Danny Willett of England hit the big time in 2016 when he won the Masters Tournament, his final round of 67 — 5 under par — taking him past a faltering Jordan Spieth.
He was ranked in the top 10 after that tournament, but after injuries and a loss of form he fell outside the top 400. In 2018, after rediscovering his game, he won the season-ending DP World Tour Championship, Dubai. He is now ranked No. 31.
Confidence restored, he is looking forward to returning this week as the defending champion. The following conversation has been edited and condensed.
Your win last year at the DP World Tour Championship was your first victory since you won the Masters. Were there ever times you thought you would never win again?
I went to some pretty dark places for sure and, of course, I worried if I’d ever come back. It was a really tough time. I ended up splitting with my then caddie Jon [Smart] and luckily my best pal Sam Haywood stepped in to help out, but he was also there for support.
I’m lucky to have great support from the team around me, and they always kept believing in me and supporting me throughout those tough times. I was struggling with injury and then got to a point where I felt it was time to go down another avenue with my coaching and started working with Sean Foley.
The main thing Sean and I did, along with my strength and conditioning coach, Kevin Duffy, was to make sure I could swing pain free. It’s been a long rebuilding process, but around March 2018 I managed to play a tournament without taking painkillers, that was in Malaysia and was a huge boost for us all. That then meant we could really start to work on improving the swing and getting more consistency in my game. That obviously came to fruition at the end of last year in winning Dubai.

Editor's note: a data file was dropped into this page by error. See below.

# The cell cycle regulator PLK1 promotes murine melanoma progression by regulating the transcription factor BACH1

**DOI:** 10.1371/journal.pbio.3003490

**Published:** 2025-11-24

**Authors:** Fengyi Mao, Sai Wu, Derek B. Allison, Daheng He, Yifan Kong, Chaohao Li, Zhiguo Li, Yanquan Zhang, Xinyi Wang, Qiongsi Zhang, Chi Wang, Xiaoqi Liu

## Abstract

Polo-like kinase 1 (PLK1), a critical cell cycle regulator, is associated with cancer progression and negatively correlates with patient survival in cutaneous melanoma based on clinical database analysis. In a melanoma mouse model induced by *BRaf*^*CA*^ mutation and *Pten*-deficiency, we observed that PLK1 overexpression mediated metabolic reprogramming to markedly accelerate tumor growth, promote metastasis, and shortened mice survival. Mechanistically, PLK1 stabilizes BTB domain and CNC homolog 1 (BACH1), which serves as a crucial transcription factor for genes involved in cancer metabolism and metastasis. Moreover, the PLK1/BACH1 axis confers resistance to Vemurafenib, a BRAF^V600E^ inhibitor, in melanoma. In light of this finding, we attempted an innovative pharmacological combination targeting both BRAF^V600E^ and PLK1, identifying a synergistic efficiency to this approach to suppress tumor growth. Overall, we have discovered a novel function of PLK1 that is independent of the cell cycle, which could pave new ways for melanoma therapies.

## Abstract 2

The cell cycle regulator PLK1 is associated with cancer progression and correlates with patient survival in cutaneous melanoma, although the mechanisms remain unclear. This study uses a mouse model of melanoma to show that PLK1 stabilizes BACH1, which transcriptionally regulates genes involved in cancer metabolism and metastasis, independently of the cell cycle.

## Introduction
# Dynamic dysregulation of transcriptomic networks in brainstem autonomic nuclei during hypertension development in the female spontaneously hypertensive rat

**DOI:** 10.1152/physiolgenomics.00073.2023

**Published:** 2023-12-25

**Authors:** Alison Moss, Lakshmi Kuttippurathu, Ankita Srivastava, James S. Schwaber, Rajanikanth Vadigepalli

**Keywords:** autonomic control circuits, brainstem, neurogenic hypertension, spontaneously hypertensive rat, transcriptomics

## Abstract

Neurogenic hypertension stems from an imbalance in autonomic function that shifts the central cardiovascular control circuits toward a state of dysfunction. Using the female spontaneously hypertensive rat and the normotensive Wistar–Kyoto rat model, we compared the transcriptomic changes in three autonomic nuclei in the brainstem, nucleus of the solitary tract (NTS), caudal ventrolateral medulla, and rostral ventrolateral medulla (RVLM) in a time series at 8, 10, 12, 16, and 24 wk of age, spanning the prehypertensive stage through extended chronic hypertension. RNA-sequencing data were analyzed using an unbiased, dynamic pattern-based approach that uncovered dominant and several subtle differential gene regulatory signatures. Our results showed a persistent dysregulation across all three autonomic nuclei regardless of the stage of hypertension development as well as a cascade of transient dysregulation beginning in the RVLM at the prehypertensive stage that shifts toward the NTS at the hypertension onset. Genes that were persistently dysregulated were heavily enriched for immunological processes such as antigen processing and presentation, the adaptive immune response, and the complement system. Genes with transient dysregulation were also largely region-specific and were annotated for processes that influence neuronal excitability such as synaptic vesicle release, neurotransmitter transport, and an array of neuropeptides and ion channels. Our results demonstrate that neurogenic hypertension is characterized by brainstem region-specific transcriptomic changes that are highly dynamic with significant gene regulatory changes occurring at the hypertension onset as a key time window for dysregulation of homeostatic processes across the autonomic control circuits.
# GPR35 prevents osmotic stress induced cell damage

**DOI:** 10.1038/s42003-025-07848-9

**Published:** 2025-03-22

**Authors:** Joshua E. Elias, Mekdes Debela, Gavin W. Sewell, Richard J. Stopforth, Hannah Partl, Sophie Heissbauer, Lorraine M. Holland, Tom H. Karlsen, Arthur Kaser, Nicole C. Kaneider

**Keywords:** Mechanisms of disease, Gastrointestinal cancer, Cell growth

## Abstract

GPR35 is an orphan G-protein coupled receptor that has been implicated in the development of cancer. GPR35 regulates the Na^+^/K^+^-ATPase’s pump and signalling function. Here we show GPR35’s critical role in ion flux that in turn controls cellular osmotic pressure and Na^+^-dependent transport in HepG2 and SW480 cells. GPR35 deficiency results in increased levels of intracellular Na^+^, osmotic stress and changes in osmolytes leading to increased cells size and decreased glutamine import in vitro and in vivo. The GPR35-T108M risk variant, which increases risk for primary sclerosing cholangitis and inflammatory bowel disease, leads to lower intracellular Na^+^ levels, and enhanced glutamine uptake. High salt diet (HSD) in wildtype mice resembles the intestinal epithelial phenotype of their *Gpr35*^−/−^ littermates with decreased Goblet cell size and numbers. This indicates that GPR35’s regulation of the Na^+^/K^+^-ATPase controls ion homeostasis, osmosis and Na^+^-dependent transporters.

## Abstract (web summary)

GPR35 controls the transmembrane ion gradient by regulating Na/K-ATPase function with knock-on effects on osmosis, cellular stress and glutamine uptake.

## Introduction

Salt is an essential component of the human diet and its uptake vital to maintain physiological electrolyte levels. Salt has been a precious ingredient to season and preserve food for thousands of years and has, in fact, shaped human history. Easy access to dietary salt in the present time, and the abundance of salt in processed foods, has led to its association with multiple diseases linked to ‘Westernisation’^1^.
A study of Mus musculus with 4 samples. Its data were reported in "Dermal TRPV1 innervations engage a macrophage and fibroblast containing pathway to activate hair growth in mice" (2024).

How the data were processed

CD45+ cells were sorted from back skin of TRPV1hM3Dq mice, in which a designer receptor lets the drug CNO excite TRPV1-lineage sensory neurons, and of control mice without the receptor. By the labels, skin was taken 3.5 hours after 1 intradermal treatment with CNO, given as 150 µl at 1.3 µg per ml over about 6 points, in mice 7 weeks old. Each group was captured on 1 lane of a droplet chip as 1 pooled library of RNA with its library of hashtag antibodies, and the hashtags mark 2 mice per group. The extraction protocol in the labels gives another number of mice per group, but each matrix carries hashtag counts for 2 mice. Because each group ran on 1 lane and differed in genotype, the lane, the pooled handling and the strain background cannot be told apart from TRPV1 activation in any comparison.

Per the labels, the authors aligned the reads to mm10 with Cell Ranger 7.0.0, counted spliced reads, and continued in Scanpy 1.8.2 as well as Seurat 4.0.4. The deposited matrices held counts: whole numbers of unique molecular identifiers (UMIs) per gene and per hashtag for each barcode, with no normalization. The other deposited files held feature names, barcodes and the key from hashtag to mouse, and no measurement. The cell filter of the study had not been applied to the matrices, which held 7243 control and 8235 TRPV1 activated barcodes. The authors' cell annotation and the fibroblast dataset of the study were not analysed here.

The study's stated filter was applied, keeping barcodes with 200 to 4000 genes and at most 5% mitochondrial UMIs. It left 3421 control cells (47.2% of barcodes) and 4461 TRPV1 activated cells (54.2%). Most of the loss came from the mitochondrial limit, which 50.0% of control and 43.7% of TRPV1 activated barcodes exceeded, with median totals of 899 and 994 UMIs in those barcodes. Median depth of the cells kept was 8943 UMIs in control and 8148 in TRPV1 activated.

Golf is such a mental game and can be quite lonely if you’re not playing well. What helped you stay sane?
Sam has kept me sane for sure, but having a good team around me, who all believed in me and trusted the process, always kept me positive when I was at my lowest. Obviously, my wife, Nic, is always supportive and there for me. I was probably quiet and down, so having her and the kids at home to pick me up is massive. Lee Westwood is a good friend, and I definitely took inspiration from his win the week before at the Nedbank Golf Challenge. Paul Waring is a real good friend too, and he would always keep my spirits up.
Thinking back to your win in Dubai, what were your overriding emotions?
I was very relaxed all week, my game was in a really good place, the course suits my game, and having my family and friends out there with me just meant I was in a really good place. I was obviously nervous having not won for such a long time, but I just trusted what we’d worked on and, thankfully, I managed to get it over the line, not without a little bit of drama at the end.
In the end you won by two shots, but how nervy was that final round?
It was only two shots, but obviously it came down to the 17th hole, where I made birdie and Patrick Reed made bogey, so that was a two-shot swing.
How did you celebrate?
I managed to get with my family and friends, and the European Tour had put champagne and drinks on in the clubhouse, so we all had a few drinks. I did actually pop into an Audemars Piguet dinner, who I’m an ambassador for, as they always host a cool day in Dubai on the Monday after the DP World Championship, so it was nice to go and see those guys and celebrate with them too. We actually finished off the night having an extremely late dinner with family and friends.
Do you feel that your game is in the right kind of shape to be competing for another major?
I feel like I’ve shown some form in the majors this year. I played well at the British Open and United States Open, and certainly felt like I put myself in good positions heading into the final round, but I’m just pleased to be playing with more consistency again and hoping that I can keep improving. I’d obviously love to win another one, so will keep trying my best and see where we end up.